Yesterday, the American cable channel TLC announced that it changed its tagline to “Everyone needs a little TLC.” On its own, that’s not at all remarkable. But it’s the first time that TLC has used the popular meaning of its acronym (“tender loving care”), and it further distances the network from its original name—The Learning Channel.
Education has become scarce on the network. The shows are vaguely strung together around the theme of “family life,” and include reality series such as Cake Boss (as well as one of the most detestable programs on television). All vestiges of TLC’s previous identity—it was first founded by the US government in the 1970s and was long devoted to educational documentaries—are gone.
TLC is not the only one abandoning its roots. Dozens of basic cable networks no longer adhere to any core identity or defined genre of programming. MTV (which stood at one time for “Music Television”) infamously airs very little music programming. Two of the most popular shows on The History Channel (now just called History) are Pawn Stars and Ice Road Truckers. Animal Planet’s most watched program last year was a pseudoscience “mocudrama” on mermaids.
And therein lies the problem: the shows that score cable networks the best ratings are often the ones that have little to no connection with the channel’s original mission or theme.
The loss of channels’ identities began largely when American reality television boomed in the early 2000s. Trying to piggyback off the gargantuan success of shows such as Survivor, Big Brother, and American Idol, cable networks began airing reality TV programming of their own. In many cases, it was difficult to create programs that both maintained some semblance of the network’s identity and also attracted lots of eyeballs.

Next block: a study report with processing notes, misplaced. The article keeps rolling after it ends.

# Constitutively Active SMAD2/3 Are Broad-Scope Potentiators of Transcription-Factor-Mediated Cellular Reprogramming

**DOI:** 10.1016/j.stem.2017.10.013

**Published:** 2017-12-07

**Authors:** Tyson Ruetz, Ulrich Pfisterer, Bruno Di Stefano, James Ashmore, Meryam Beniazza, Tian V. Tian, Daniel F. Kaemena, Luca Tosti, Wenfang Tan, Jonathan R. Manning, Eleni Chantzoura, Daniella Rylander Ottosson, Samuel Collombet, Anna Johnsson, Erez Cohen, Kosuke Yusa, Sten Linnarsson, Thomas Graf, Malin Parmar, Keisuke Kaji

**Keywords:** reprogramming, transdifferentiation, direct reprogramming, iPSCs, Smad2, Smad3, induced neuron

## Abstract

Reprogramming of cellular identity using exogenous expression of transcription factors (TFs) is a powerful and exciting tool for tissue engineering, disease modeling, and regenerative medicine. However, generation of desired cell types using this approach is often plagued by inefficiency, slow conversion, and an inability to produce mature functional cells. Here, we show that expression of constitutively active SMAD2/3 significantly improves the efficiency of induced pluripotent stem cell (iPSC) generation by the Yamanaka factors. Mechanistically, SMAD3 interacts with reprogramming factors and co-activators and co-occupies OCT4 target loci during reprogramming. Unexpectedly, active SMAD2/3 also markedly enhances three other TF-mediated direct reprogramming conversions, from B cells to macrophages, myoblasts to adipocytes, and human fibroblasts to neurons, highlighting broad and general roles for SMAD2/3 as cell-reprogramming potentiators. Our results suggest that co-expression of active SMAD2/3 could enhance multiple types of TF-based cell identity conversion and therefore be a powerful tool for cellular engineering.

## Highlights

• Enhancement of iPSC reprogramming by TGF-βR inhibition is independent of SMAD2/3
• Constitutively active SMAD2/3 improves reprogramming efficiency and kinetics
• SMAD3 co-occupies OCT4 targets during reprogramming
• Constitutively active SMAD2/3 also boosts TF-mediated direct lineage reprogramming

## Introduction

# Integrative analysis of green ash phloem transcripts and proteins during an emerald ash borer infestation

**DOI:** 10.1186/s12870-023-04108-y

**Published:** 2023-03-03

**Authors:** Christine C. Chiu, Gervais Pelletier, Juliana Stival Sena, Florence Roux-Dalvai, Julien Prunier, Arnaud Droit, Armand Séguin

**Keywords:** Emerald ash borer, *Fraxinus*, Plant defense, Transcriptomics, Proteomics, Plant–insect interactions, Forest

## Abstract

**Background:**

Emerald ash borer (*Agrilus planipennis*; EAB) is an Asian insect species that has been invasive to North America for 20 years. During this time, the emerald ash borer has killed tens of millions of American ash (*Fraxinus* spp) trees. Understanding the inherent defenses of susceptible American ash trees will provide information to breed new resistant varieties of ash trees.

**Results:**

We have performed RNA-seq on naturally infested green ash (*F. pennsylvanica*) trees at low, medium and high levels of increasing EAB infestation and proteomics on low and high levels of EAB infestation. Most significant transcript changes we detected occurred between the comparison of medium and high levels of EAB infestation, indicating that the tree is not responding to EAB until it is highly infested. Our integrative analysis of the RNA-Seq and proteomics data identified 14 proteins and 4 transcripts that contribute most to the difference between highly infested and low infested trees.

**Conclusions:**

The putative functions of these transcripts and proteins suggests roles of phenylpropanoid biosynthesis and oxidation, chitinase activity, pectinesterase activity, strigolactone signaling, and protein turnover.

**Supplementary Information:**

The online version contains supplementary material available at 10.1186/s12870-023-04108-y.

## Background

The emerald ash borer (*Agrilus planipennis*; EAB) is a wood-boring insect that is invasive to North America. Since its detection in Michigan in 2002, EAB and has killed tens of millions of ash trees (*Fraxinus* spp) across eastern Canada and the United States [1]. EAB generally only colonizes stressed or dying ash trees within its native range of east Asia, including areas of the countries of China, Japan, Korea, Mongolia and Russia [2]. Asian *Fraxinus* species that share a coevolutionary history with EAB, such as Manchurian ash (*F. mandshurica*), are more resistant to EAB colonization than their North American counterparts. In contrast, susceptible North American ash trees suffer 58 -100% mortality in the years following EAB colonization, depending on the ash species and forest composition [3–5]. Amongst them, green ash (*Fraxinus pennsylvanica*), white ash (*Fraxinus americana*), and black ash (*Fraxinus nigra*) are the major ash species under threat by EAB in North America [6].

There are, of course, exceptions—the Discovery Channel delivered its highest viewership in 12 years last year while still airing mostly science, nature, and tech-themed shows. But by and large, cable networks have abandoned their niches in an attempt to capitalize on the reality TV boom, and now America is left with lots and lots of channels that are virtually indistinguishable from one another.
Perhaps the quintessential example of this phenomenon is what happened to Court TV. For 15 years after its 1991 launch, it aired almost exclusively live trial coverage. In 2006 it was bought by Time Warner and two years later, rebranded as TruTV. Today, it has two shows about car-towing companies and is one of multiple networks to have shows about pawn shops.
A&E, which once chiefly aired documentaries and dramas, is now weighted heavily towards reality programming. Among its 15 original series, two are dramas and 13 are reality shows. Three of those 13 are different versions of Storage Wars (and did we mention that TruTV and Spike also have storage shows of their own?). It’s easy to see why the channel has favored reality TV: The season two finale of the A&E scripted drama Bates Motel had 2.3 million viewers, while the most recent season finale of Duck Dynasty, which follows a family of loud-mouthed Louisiana entrepreneurs (pictured at the top), drew 6 million.
Some cable networks, like AMC, have managed to avoid this relentless trend by committing to acclaimed original dramas, such as Breaking Bad and Mad Men. But even they are not completely immune to the reality boom: AMC’s reality show Small Town Security is generic enough to air on any of dozens of other cable channels.